President Obama's executive action on immigration may have cost him his pick to enforce the nation's border laws.
Sarah Saldaña, nominated by the president to lead the Immigration and Customs Enforcement agency, once looked to be on a glide path to confirmation. She had earned praise for her work as the U.S. attorney for the Northern District of Texas and had the support of a key member of the Senate Republican leadership.
Then Obama made his unilateral move on immigration. And Saldaña's fate—like that of so many other issues that require bipartisan cooperation—suddenly became much more complicated.
On Wednesday, the Senate Judiciary Committee approved Saldaña by a slim margin. The 10-8 vote, split along party lines, does not bode well for the nominee's chances in a Republican-led Senate.
So Senate Majority Leader Harry Reid got to work Wednesday afternoon to lay the groundwork to bring the nomination to the floor and quickly approve Saldaña before the upper chamber gives way to a GOP majority in January. But with so much left on the legislative calendar for 2014, including nearly 130 other nominations, Democrats may not have room for a protracted fight for floor time in the majority's final days.
Saldaña was approved by the Senate Homeland Security and Governmental Affairs Committee by unanimous consent last month, and she seemingly had the support of Senate Minority Whip John Cornyn, who also sits on the Judiciary Committee.
Saldaña has served Texas well, the Republican senator said when introducing her at a committee meeting in September.
"In her role as U.S. attorney and prosecutor over the past decade, Ms. Saldaña has served our state with honor—fighting corrupt public officials, organized crime, sex traffickers, and other dangerous criminals," Cornyn told the committee. "Throughout her career, Ms. Saldaña has developed a reputation for her decisive and fair temperament and her commitment to excellence."
But in the wake of Obama's executive action on immigration, Cornyn and other Republicans have changed their tune, foreshadowing a difficult floor fight for Saldaña in the next Congress. Cornyn called for a chance to quiz Saldaña about her position on the executive action before he would support her nomination. Announced late last month, Obama's order could provide temporary relief from deportation and work permits to more than 4 million undocumented immigrants—and it has been met with scathing opposition from Republicans.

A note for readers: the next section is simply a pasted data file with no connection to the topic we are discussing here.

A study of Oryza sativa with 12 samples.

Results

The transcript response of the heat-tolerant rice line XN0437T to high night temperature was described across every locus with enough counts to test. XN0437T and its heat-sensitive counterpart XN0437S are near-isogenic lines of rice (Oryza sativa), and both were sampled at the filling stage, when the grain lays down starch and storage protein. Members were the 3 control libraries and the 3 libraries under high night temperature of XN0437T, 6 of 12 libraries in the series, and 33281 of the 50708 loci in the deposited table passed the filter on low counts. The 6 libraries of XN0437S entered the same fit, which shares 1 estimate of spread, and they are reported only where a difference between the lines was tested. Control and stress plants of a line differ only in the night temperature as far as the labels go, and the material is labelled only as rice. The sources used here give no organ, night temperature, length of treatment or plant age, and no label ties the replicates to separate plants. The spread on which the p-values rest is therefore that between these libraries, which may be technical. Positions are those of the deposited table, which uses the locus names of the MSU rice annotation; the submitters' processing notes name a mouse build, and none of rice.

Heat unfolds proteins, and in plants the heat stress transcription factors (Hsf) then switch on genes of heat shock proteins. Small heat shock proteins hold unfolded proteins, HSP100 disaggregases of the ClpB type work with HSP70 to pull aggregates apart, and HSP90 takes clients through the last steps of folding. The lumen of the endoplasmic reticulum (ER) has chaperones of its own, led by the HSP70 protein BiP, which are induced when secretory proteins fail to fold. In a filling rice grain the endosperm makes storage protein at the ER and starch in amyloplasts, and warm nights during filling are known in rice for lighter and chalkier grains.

In response, Cornyn joined his Republican colleagues on the Judiciary Committee in voting against Saldaña's nomination on Wednesday. "What the president's done has made this job and the person who holds it very controversial," Cornyn told National Journal, "and this is purely a product of the president's overreach on his executive action on immigration."
That doesn't mean Cornyn won't change his mind again. If the Senate doesn't approve the nomination before January, Cornyn said the Judiciary Committee should hold a hearing to garner Saldaña's thoughts regarding Obama's unilateral action on immigration.
"What we really need," Cornyn said, "and what she needs and what we would all benefit from is an opportunity to have an open and honest discussion about all of these very controversial and sensitive issues in the Judiciary Committee."
But a hearing likely wouldn't sway all Judiciary Committee Republicans, many of whom expressed disappointment that Saldaña seemed to embrace the president's executive action on immigration in her written testimony for the committee. Cornyn's fellow Texan, Republican Sen. Ted Cruz, issued a statement Tuesday arguing that Saldaña has made it clear "she would enable President Obama's unconstitutional amnesty."
"I do not support the president's unconstitutional amnesty," Cruz said in the press release, "and therefore, cannot vote for a nominee who will be another rubber stamp for illegal amnesty. I encourage my colleagues, especially those who oppose Obama's amnesty, to oppose this nomination."